A helping hand

Beth Fier (MA ’98)

As a young girl growing up in Texas, Beth Fier (MA ’98) dreamed of visiting Africa and observing its legendary wildlife firsthand. She imagined watching speedy cheetahs race through fields and graceful giraffes munch on treetops, all from only a few yards away. It was a dream that stayed with her for several decades until finally, for her 40th birthday, she decided to treat herself to a very special present: a trip to Rwanda.

“I went to see all the wildlife, but I came back realizing Rwanda is all about the people,” says Beth, who traveled there with a People to People group of mental health professionals in 2008. “There’s such an amazing resiliency there—the people were so open and welcoming to us—but there’s also still a lot of trauma there as a result of the [1994] genocide.”

One statistic Beth learned on the trip particularly affected her: In 2008, for the entire country of Rwanda, there were only three specially trained psychiatrists. Three psychiatrists for a nation that was ravaged by genocide. Three psychiatrists for a population of over nine million. Three psychiatrists for a country where an estimated 29 percent of people suffer from post-traumatic stress disorder. The number shocked Beth, a professional mental health counselor who earned her masters degree in counseling from The College of New Jersey. “I knew immediately that I wanted to do something to help the country heal,” she says.

Once home from her trip, Beth got to work doing just that. She established SEED Supports—an organization that markets fair-trade baskets and coffee. She vowed to donate all proceeds to the Rwanda Women’s Network (RWN) Village of Hope and Policlinic, both of which she’d visited on her People to People trip. RWN “works with women who were affected by the genocide, orphans, and women who have experienced different types of sexual and gender-based violence,” she says. “A lot of the women [they help] are HIV positive, and are dealing with that on top of economic hardships.”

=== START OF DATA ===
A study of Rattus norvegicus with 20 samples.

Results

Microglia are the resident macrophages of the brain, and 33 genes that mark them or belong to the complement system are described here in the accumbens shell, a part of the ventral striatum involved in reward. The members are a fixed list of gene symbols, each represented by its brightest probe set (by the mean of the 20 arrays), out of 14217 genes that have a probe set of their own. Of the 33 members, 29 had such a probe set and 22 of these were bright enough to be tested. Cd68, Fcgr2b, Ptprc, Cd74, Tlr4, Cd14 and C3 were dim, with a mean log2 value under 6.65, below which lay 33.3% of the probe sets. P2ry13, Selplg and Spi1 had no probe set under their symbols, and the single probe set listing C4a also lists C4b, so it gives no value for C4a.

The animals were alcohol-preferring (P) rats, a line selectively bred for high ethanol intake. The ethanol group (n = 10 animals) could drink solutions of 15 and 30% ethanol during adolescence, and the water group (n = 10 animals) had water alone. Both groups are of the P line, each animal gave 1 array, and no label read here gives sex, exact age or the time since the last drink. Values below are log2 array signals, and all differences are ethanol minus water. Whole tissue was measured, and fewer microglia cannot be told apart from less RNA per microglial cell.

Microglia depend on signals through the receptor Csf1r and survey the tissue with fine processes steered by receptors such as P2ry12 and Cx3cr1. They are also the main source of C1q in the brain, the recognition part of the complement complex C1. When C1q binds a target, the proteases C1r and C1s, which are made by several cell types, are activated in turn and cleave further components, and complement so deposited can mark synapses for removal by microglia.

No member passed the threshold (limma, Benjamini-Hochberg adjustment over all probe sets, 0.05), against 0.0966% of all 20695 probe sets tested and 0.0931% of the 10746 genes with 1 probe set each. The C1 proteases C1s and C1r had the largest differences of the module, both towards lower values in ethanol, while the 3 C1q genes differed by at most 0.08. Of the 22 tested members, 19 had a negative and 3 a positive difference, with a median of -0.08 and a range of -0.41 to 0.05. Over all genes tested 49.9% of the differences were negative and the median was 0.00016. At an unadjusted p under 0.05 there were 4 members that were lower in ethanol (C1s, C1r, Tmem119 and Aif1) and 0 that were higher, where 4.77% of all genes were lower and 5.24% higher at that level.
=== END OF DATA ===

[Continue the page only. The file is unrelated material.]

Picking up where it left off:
Beth (second from left) at Milenium Village, where perpetrators and survivors of the Rwandan genocide have worked together to build housing and live side by side.

Beth has also managed to tie her fair-trade work in with her full-time job. By day, she runs a small counseling and consulting practice, and often works with adults who have intellectual and developmental disabilities. As a result, she’s been trying to partner SEED Supports with nonprofits—especially ones that offer vocational services or training for the populations she counsels.

Over the last few months, Beth’s been thinking about an even more hands-on approach to helping the people of Rwanda. “I’ve been talking with the RWN’s founder/director, who is hoping to institute a more formalized mental health component for their program,” she says. “I originally thought that was something too big to try to do by myself, but in speaking with [the director], I realize how important it is for them to have.”

When we spoke, she had plans to attend the National Board for Certified Counselors’ mental health facilitator training program later this spring. “Mental health facilitators go into countries where there isn’t an established program for counselors and provide basic training for trainers there,” she explains. “If we can raise the funding, we can help the Women’s Network bring in trainers and manualize their approach to counseling.”

Of course, that part is still well in the future—at least a year or more away, Beth says. Still, that doesn’t mean she’s any less eager to return to Rwanada as soon as she can. “I went thinking this was a once-in-a-lifetime trip,” she says. “Now, I keep thinking about how I can go back.”